Why entrepreneurs should focus on value rather than valuationSripati Acharya
"Twenty years from now, you will be more disappointed by the things that you didn't do than by the ones you did do. So throw off the bowlines. Sail away from safe harbor. Catch the trade winds in your sails. Explore, Dream, Discover." Mark Twain.
As a seed stage investor, I come across many entrepreneurs and they come in all shapes and sizes. Above everything, I admire their courage, tenacity, and willingness to do something new Apart from these qualities that make entrepreneurs stand out, a lot of factors go into making a successful startup. Some factors that cannot be controlled by entrepreneurs include market timing and luck. However, an entrepreneur can make a choice between focusing on valuation and value.
Valuation is an important aspect and something that entrepreneurs needs to pay careful attention to at the time of fundraising. It is a thorny issue that comes up while raising the initial capital, and then at each subsequent round. However, a manic focus on valuation boomerangs in unexpected ways and can ultimately destroy value.
Let’s say there’s an early-stage company that has previously raised some initial funding, is seeing good traction, and is now ready for the next round. They have had very positive conversations with VCs and two offers on the table. The first one is for a $5 million raise on $15 million pre-money valuation. This will result in a post-money valuation of $20 million with a 25 per cent dilution. The competing offer is for a $10 million raise at a $20 million pre-valuation. This results in a 33 per cent dilution at a post-money valuation of $30 million. Which one is the better offer?
In order to answer that let’s fast forward to the next funding round, which would typically happen within 12–18 months post the previous round. In case of the first offer, for existing investors to not have a down round, the funding needs to occur at a minimum $30 million valuation, which is the post-money valuation of the company. And for it to be considered a positive event for the company, at least a 50 per cent bump up from the previous round. This makes it a $45 million pre-money round.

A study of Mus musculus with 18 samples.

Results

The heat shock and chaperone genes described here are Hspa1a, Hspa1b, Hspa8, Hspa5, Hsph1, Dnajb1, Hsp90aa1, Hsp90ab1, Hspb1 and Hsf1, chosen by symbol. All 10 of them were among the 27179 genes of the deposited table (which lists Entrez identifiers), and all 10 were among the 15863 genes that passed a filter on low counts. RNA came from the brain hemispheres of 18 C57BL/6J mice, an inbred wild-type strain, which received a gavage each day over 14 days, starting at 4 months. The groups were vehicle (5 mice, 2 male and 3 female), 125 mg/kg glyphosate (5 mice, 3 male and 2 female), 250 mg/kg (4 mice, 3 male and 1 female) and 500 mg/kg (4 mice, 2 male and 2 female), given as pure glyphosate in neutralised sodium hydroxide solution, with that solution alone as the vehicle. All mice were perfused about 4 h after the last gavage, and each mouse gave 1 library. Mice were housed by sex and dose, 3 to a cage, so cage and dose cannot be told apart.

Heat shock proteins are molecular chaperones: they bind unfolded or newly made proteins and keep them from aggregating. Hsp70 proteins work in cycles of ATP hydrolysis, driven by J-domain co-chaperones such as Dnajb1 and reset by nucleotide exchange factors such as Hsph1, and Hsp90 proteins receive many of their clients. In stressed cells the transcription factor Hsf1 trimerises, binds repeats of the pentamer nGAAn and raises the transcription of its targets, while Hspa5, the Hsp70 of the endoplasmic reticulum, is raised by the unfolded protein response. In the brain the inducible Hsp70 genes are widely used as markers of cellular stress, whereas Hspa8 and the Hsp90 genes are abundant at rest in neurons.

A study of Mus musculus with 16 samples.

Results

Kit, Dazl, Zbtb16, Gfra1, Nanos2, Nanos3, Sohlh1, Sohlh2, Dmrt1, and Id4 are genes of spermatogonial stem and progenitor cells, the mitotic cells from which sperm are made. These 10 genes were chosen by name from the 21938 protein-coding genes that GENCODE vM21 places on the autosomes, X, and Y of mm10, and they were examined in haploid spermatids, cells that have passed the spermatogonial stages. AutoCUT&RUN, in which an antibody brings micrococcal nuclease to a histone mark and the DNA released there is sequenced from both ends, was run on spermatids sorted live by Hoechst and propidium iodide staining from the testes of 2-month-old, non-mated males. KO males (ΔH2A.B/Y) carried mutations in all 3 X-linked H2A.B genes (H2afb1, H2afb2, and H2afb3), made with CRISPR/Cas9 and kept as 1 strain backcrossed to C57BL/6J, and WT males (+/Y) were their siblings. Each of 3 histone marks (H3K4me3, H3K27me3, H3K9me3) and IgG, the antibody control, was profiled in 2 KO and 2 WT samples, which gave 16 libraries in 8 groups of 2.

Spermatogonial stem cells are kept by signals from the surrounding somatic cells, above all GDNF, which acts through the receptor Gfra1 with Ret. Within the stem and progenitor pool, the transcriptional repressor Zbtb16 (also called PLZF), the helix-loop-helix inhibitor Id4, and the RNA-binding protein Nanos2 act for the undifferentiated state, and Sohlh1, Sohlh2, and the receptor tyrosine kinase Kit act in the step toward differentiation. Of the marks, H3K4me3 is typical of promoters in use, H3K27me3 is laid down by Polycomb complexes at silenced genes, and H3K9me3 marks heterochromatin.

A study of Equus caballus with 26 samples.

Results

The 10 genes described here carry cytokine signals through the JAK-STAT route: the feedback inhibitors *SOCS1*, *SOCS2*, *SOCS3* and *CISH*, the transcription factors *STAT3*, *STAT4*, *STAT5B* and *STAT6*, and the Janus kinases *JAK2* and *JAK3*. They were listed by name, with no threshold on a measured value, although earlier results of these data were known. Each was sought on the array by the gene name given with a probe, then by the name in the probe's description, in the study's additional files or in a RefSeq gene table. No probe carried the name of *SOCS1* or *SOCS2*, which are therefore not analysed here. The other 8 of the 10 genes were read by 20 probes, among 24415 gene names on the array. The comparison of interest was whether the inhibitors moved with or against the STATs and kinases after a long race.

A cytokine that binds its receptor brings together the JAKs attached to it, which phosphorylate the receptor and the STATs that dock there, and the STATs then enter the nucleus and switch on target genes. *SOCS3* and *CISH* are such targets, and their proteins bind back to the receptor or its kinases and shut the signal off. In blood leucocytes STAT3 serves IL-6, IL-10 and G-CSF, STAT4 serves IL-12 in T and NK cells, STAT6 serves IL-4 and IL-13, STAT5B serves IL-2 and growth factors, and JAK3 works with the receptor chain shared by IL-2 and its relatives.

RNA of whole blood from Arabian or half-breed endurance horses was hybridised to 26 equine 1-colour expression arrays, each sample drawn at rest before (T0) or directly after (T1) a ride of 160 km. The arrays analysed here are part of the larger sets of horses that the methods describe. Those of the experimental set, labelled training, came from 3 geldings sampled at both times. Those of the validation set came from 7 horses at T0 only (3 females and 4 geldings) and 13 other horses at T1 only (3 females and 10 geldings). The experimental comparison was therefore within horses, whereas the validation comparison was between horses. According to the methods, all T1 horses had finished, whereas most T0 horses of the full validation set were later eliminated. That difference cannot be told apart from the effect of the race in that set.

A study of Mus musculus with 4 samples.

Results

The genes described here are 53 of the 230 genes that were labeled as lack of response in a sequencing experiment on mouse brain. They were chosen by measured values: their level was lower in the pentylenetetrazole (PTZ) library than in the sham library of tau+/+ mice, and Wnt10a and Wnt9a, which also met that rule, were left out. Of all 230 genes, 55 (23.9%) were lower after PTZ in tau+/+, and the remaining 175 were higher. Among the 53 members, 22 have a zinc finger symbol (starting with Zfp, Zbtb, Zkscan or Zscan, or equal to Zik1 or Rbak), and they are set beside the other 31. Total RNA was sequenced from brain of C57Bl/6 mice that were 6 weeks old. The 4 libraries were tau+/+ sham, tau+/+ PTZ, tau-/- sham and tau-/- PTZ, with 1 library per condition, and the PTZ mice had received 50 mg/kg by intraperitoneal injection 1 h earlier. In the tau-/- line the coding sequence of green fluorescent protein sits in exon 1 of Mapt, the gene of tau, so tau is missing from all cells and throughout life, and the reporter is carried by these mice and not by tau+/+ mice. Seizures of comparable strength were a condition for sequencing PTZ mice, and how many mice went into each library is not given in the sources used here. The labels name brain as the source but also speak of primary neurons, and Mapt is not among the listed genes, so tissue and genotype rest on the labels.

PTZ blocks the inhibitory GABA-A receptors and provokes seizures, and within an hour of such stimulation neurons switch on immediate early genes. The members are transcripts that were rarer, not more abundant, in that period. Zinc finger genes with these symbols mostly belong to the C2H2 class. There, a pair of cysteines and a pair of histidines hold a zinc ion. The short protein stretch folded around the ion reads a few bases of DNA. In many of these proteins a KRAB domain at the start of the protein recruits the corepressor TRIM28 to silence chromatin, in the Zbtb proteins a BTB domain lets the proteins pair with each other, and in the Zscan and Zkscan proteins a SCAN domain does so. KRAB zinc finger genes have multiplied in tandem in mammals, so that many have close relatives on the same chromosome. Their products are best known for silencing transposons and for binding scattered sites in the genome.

In the second case, it is a $20 million post-money round and a good outcome is a pre-money valuation of $30 million.
The difference here, between $30 and $45 million valuation, is significant. What might be a short and heavily contested fund raise with multiple term sheets at $35 million can become a long fund raise cycle at $45 million. This can have a negative effect on moral of the founders and employees and restrict growth investment during the fundraise.
In other words, there is smaller margin for error when raising a larger round at a higher valuation. Not that raising money at higher valuations is bad, but it should be done with the complete understanding that the built-in expectations are higher to deliver higher results, faster. It also has implications on valuation expectations for subsequent funding rounds.
When Baidu.com went public in 2005, it opened at $27. It ended the day, however, rising more than 350 per cent, at $122. The story goes that the founder, Robin Li, instead of being over the moon, was worried. Why? Because he was prepared for running a company with expectations consistent with a $27 share price, not $122. Baidu has done well since then – now at a split adjusted $2,000 – nevertheless illustrates that increased valuation doesn’t come for free.
As an entrepreneur, focussing on value is prudent – value that is being delivered to the customer, value which is created in the company from sustainable differentiation, value that the end customer is willing to pay the desired price for.
Valuation is a side effect of all of these efforts.
Valuation is heavily dependent on market conditions. It is a function of supply and demand for funds in the market. The same company could have a valuation that is two times in a ‘hot’ market with identical metrics than at other times. Valuation, for this reason, can be a dangerously misleading success metric – one that the entrepreneur has little control over, yet one which is the most visible externally as well as within the company.
For an entrepreneur, it is much better to focus on something that is under their control versus linking success to something that is not.